Finance Minister Bill Morneau took the second, better option on Monday when he announced measures designed to cool the housing markets in Toronto and Vancouver. He is going to make it harder for some Canadians to get a new mortgage, and he is creating more paperwork for homeowners at tax-filing time, but the cost is worth it.

The most striking change is his decision to close the loopholes allowing unqualified people to benefit from the exemption that lets Canadians and Canadian residents avoid paying taxes on any profit earned from the sale of a primary residence.

This is a signature Canadian policy and probably the most generous tax break most people in this country ever get. The problem is that it has been too easy to take advantage of, in part because there is currently no requirement to report a primary home sale to the Canada Revenue Agency.


Under the new rules, people who sell their primary residence will have to report doing so in their annual tax filing. And anyone who isn't resident in Canada the year they buy a home here won't be able to claim the exemption for that year.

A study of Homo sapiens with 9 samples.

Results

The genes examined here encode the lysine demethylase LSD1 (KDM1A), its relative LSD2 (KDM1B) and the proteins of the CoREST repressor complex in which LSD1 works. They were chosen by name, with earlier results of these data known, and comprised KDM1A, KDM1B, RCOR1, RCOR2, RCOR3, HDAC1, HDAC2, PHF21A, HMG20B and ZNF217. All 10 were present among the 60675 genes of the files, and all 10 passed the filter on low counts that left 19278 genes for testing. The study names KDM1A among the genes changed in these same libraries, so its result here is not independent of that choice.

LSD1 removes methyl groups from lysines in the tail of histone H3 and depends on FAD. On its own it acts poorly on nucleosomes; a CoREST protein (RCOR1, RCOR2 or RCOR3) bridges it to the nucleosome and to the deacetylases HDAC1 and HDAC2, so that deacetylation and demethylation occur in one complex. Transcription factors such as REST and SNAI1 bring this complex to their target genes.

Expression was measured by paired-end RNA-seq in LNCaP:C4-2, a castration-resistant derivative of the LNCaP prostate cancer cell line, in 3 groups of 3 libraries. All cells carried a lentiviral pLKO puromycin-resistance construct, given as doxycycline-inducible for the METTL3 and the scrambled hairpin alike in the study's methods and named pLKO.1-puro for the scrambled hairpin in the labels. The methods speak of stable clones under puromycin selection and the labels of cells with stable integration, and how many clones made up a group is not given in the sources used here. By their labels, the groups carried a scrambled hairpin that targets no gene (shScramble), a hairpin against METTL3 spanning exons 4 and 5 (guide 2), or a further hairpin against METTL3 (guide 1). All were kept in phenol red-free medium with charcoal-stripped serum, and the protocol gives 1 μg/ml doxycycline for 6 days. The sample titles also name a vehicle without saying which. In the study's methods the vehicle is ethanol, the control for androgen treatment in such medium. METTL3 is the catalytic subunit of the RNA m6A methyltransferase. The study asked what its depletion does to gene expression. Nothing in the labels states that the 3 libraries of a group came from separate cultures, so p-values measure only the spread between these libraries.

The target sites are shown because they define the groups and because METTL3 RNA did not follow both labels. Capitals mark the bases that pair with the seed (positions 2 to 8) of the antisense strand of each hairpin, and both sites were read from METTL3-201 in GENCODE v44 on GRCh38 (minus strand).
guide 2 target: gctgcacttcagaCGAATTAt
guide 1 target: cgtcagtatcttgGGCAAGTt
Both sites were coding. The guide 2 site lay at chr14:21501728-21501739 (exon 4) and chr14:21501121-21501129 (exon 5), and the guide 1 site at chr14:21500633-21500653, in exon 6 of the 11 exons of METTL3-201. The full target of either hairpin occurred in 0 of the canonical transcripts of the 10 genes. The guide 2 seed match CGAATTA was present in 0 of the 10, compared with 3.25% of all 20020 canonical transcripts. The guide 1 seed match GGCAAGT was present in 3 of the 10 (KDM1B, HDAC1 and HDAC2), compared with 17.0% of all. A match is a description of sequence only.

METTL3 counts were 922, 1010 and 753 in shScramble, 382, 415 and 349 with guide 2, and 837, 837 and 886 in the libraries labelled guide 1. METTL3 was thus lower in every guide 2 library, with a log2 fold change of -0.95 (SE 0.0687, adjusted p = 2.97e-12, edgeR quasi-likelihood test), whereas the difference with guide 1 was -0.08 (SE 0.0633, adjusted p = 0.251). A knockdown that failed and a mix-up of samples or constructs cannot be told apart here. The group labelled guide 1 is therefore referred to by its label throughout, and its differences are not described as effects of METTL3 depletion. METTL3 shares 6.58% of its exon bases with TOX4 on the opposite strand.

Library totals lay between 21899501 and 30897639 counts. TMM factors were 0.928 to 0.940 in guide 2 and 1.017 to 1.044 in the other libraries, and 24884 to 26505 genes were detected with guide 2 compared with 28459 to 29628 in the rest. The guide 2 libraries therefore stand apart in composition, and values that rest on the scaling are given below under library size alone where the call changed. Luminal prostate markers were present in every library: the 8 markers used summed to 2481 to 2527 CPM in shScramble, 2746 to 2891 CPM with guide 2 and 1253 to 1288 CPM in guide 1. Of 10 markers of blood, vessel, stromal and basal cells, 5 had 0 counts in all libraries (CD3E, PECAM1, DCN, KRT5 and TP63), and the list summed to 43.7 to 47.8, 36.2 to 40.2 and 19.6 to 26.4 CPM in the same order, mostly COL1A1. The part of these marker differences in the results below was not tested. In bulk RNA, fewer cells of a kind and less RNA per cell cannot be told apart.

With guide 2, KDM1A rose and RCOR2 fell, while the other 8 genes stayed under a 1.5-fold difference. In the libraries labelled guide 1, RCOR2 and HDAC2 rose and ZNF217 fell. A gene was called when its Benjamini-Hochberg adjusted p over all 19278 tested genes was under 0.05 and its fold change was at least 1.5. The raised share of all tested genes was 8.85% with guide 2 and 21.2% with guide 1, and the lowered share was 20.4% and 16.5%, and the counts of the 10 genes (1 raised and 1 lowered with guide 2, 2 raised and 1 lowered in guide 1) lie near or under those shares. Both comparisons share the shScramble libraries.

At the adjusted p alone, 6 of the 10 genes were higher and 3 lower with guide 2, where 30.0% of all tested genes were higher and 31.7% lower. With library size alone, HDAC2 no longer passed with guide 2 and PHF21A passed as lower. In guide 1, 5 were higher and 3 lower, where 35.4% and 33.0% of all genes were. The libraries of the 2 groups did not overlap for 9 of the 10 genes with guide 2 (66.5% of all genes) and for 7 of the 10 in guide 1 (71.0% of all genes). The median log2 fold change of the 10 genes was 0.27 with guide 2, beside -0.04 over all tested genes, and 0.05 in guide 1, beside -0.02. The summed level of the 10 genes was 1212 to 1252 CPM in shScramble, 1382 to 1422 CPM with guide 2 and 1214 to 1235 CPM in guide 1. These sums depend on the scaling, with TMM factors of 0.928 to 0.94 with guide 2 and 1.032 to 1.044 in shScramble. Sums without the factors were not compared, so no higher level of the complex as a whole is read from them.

Mr. Morneau is also making it tougher for Canadians to qualify for new mortgages. All borrowers, whether they put a lot or a little down on a home, will have to demonstrate that they will be able to make their monthly payments when interest rates start to rise.

These measures alone will not cure Canada's real-estate headaches. Ottawa also needs to look at putting money into affordable housing, among other things. But this is a good start.